Reinforcing Recycling

Persell Students Participate In Tech-Science Project

Technology teacher Tim Whitacre and Science teacher Lina Scoma combined efforts to allow students to use their own imagination and create artistic and/or functional projects made from recyclable materials. Persell Middle School students have spent two weeks in the combined classroom working on their projects and were putting the finishing touches on them Thursday. P-J photo by Jordan W. Patterson

Plastic bottles and other waste thrown to the side as trash were used as the basis for a seventh-grade science project focused on recyclable materials.

Inside the technology room at Persell Middle School, students were putting final touches on their recycled-art projects they began creating two weeks ago. Some of them made functional objects for later use and others made more artistic-driven projects emphasizing aesthetics. But to the surprise of science teacher Lina Scoma and technology teacher Tim Whitacre, many of the students decided to create items that were functional and from their own imagination.

“Most of them did lean toward the functional aspect which really surprised me,” Scoma said.

Scoma envisioned more students deciding to use their creative side to make pieces of art, rather than usable tools. Scoma and Whitacre said the overall feedback from the students was one of excitement and innovation. The middle-school students were given free rein as to what their projects could look like.

Before collecting recyclable waste and designing their projects, the students were taught the importance of recycling, the incentives for recycling and the negative impact of pollution.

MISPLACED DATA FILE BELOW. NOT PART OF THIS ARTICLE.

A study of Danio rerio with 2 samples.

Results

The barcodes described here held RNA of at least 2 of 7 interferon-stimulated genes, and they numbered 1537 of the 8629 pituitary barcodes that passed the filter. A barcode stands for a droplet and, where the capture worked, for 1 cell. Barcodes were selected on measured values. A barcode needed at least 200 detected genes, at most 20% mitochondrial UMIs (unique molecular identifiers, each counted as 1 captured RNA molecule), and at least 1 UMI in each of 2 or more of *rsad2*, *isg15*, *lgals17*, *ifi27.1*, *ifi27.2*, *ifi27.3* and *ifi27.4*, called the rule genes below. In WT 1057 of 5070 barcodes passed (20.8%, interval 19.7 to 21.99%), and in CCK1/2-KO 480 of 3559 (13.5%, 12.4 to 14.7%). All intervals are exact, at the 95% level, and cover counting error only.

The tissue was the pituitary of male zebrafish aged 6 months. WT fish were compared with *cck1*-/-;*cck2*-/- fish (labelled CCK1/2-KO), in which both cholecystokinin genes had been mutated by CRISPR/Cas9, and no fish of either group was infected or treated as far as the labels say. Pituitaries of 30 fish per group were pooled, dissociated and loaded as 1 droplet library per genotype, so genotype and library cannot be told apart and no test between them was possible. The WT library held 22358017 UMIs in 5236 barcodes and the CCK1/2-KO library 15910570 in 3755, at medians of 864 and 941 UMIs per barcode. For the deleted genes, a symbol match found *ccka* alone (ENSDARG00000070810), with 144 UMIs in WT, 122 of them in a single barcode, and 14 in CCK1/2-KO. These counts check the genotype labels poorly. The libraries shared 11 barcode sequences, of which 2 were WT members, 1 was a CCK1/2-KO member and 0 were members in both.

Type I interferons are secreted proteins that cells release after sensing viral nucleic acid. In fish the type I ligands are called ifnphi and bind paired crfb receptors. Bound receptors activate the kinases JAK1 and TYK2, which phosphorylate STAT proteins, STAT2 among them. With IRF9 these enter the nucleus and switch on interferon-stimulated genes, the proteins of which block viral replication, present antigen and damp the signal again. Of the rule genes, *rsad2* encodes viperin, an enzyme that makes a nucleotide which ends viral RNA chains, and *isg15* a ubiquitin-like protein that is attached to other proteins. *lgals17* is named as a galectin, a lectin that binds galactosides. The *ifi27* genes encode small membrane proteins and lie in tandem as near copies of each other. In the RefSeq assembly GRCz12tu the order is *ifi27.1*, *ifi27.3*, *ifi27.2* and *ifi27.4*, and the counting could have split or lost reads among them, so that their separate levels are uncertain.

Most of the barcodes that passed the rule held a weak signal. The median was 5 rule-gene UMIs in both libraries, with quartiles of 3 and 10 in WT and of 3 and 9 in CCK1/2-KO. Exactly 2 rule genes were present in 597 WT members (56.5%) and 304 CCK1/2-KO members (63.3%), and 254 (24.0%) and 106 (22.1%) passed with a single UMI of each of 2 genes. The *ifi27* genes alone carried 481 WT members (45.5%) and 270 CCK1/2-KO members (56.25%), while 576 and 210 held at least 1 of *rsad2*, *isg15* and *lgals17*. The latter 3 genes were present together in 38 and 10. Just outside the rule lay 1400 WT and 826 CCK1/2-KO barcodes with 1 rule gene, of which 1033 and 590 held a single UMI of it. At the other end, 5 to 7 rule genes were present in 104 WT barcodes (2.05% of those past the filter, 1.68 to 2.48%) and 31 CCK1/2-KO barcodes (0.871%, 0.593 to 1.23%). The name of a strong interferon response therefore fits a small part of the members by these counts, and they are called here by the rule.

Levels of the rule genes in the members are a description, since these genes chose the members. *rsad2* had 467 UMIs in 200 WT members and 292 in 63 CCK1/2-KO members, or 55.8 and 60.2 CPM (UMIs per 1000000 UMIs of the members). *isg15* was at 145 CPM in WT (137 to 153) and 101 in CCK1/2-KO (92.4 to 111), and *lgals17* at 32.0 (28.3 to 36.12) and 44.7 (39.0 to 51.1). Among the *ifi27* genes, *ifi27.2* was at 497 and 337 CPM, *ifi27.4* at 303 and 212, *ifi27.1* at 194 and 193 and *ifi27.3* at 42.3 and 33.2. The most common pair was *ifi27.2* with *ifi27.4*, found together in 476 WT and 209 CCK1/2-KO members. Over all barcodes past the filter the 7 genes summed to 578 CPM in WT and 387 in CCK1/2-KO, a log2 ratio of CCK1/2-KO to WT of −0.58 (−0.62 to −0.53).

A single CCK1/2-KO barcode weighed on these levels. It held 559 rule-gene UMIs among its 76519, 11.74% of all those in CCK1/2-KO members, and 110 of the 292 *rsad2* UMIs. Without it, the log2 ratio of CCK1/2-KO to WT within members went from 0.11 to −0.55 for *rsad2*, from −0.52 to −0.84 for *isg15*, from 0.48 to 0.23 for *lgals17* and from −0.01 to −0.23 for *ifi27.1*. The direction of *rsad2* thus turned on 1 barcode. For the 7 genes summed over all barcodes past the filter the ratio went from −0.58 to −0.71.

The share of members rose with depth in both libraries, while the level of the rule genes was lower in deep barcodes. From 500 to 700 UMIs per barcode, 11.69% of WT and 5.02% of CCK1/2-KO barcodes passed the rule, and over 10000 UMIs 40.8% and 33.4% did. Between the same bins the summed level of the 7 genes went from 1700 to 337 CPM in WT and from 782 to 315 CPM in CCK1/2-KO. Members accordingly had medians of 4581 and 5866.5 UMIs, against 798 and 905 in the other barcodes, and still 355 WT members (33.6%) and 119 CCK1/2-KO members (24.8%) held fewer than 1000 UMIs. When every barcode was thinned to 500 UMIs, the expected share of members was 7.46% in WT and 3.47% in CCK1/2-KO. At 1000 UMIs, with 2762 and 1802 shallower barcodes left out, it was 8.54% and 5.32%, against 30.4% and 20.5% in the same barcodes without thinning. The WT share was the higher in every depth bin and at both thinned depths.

They were also shown images of the one of the largest side effects of pollution, specifically plastic pollution, the Great Pacific Garbage Patch.

There are five ocean-based garbage patches around the world, but none larger than the one floating in the Pacific Ocean. Comprised of plastic and other additional garbage, the Great Pacific Garbage Patch is estimated to have a surface area of 1.6 million square kilometers, or about 617,000 square miles, according to the Ocean Clean Up website. The estimated surface area is twice the size of Texas.

While there are efforts being made globally to reduce the size of the garbage patches, others are simply asked to recycle to reduce the human contribution to the oceanic collection of waste — precisely what the Persell students were displaying Tuesday.

Musical instruments, stools, 3-D art and a recycling drop-off box decorated with plastic-water bottles were various directions students took their projects. The collaboration is part of the Science, Technology, Engineering, Arts and Music emphasis at Jamestown Public Schools.

“I feel like its going to be apart of their future,” Scoma said of the project’s emphasis on recycling. “If you look at the Great Pacific Garbage Patch … fast forward 10 more years and it could be the size of the United States. This is their generation. If they don’t start doing something about it or start recognizing that this is an issue then 10 years from now it’s just going to be worse.”

Whitacre reiterated Scoma’s sentiment and noted that the world has become an environment surrounded by plastic materials. While admitting plastic use is hard to avoid, he also emphasized those items are easily reusable.

“(The materials) can keep getting reused as opposed to being thrown in the landfill,” Whitacre said.